Japan volcano rescue suspended as death toll rises to 36

Japanese rescuers Monday resumed a grim operation to recover more bodies after 31 people were believed killed in a volcanic eruption, as survivors told of seeing hikers die when tonnes of ash and rocks thundered from the sky.

Japan volcano rescue suspended as death toll rises to 36

Tokyo: Five more bodies were found near the peak of an erupting Japanese volcano today, as rescuers suspended their search because of the growing danger from toxic gas.

The grim discovery takes to at least 36 the total number of people feared to have died when Mount Ontake erupted without warning during a busy hiking weekend.

A police spokesman told AFP the five bodies were in addition to 31 discovered yesterday.

A Japanese army official who took part in the search said rescuers had been wearing helmets, bullet-proof vests, goggles and masks to protect themselves from any fresh eruption.

"I saw rocks up to probably one metre (3.3 feet) across (that had been thrown through the air by the force of the eruption)," he said, adding the search had been difficult and involved digging through ash.
Heartbreaking stories have begun to emerge from survivors who made it down the mountain as rolling clouds of volcanic debris swept down its flanks, smothering everything in their path.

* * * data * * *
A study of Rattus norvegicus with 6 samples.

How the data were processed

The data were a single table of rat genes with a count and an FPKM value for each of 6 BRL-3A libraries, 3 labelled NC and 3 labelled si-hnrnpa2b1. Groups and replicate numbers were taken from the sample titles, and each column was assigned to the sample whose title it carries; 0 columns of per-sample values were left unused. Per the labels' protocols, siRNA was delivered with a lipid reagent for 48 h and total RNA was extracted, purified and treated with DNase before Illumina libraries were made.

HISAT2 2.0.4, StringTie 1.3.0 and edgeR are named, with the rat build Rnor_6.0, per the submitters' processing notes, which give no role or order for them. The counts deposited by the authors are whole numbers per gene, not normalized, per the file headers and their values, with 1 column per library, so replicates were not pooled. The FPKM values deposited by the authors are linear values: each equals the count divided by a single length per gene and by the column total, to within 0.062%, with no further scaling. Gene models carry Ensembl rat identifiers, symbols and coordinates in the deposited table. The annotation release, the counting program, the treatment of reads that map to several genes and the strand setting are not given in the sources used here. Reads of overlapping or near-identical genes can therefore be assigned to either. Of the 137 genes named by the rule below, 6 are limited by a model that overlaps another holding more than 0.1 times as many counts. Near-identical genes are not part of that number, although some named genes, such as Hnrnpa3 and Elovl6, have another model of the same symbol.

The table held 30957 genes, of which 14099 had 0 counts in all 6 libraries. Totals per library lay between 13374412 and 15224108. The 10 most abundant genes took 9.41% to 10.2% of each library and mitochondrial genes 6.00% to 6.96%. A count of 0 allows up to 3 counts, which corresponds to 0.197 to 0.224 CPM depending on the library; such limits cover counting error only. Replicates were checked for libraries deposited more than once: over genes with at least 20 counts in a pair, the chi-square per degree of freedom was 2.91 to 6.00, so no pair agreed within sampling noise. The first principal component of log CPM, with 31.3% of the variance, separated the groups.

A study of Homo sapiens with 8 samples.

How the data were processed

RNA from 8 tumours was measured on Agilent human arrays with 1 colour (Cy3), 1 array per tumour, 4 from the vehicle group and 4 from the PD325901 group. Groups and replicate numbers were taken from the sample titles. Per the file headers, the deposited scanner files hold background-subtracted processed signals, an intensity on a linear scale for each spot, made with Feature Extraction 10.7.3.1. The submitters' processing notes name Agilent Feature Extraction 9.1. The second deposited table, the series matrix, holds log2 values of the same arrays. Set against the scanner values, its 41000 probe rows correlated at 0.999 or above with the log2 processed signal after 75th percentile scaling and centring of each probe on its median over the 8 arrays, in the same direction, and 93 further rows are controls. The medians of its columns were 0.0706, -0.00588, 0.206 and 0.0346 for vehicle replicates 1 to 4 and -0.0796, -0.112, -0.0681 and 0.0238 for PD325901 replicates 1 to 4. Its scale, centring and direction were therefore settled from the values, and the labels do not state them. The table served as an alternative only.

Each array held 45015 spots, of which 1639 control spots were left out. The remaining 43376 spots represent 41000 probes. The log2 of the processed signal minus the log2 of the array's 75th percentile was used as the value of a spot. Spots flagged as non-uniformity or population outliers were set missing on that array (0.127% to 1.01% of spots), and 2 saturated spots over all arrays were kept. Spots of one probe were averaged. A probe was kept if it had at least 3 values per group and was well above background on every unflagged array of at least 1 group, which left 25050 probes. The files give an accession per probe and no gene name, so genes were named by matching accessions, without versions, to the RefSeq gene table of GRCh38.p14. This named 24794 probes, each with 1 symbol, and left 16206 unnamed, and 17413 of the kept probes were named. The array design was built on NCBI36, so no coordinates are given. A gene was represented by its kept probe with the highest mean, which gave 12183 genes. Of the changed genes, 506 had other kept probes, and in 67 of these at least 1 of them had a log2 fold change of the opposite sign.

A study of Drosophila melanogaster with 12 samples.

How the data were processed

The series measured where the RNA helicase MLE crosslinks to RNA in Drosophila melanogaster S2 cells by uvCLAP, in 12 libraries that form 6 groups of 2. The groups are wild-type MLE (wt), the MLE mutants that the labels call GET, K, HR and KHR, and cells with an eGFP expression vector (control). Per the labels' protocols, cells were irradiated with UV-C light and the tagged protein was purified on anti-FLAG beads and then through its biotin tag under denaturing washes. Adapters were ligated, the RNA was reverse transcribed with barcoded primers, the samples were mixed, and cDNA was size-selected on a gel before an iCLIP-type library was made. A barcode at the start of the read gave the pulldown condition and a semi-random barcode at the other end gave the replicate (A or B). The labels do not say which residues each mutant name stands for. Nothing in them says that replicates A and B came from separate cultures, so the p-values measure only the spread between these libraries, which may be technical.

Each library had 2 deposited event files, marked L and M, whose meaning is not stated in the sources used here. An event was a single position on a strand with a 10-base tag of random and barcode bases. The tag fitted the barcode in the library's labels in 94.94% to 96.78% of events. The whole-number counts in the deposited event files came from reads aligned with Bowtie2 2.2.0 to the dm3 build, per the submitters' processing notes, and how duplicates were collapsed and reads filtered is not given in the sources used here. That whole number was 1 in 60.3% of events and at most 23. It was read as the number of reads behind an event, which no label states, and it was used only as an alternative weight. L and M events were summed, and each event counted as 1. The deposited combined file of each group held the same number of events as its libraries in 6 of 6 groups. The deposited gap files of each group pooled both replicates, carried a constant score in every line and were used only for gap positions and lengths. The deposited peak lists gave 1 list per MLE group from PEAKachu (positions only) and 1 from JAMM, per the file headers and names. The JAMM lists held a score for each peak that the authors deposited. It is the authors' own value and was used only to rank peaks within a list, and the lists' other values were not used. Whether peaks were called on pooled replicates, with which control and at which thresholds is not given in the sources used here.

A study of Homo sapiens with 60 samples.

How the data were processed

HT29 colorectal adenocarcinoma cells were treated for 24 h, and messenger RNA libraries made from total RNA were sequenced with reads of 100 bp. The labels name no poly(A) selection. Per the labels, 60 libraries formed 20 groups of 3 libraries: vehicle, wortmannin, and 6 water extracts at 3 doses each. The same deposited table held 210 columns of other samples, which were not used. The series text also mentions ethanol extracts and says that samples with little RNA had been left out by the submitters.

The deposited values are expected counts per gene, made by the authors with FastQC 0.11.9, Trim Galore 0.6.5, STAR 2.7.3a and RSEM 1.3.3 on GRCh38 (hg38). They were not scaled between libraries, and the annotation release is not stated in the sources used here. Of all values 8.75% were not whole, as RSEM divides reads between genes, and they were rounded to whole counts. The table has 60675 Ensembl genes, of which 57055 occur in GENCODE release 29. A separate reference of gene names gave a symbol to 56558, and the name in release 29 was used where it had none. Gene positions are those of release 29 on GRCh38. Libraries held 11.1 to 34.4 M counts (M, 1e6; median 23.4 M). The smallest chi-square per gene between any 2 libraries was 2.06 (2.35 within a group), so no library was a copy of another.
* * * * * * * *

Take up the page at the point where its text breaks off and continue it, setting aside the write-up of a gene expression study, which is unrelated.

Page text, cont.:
"Some people were buried in ash up to their knees and the two in front of me seemed to be dead," one woman told the Asahi television network.

Another told how she had heard the last moments of a victim battered by a cascade of rocks.
"There was someone lying outside the hut after being hit in the back," she said. "He was saying 'It hurts, it hurts,' but after about half an hour he went quiet."

Seiichi Sakurai, who had been working at one of the huts around the top of the volcano, told public broadcaster NHK that he had tried his best to help people but could not save them all.

"Ash was constantly falling... Some people were buried alive but I could do nothing but tell (rescuers) about them over the radio," he said.

Another survivor told the Yomiuri newspaper he had seen a boy shouting "It's hot" and "I can't breathe!" near the peak, before the ash clouds brought blackness and silence.

On Monday morning, eight bodies -- both men and women -- were airlifted from the mountain.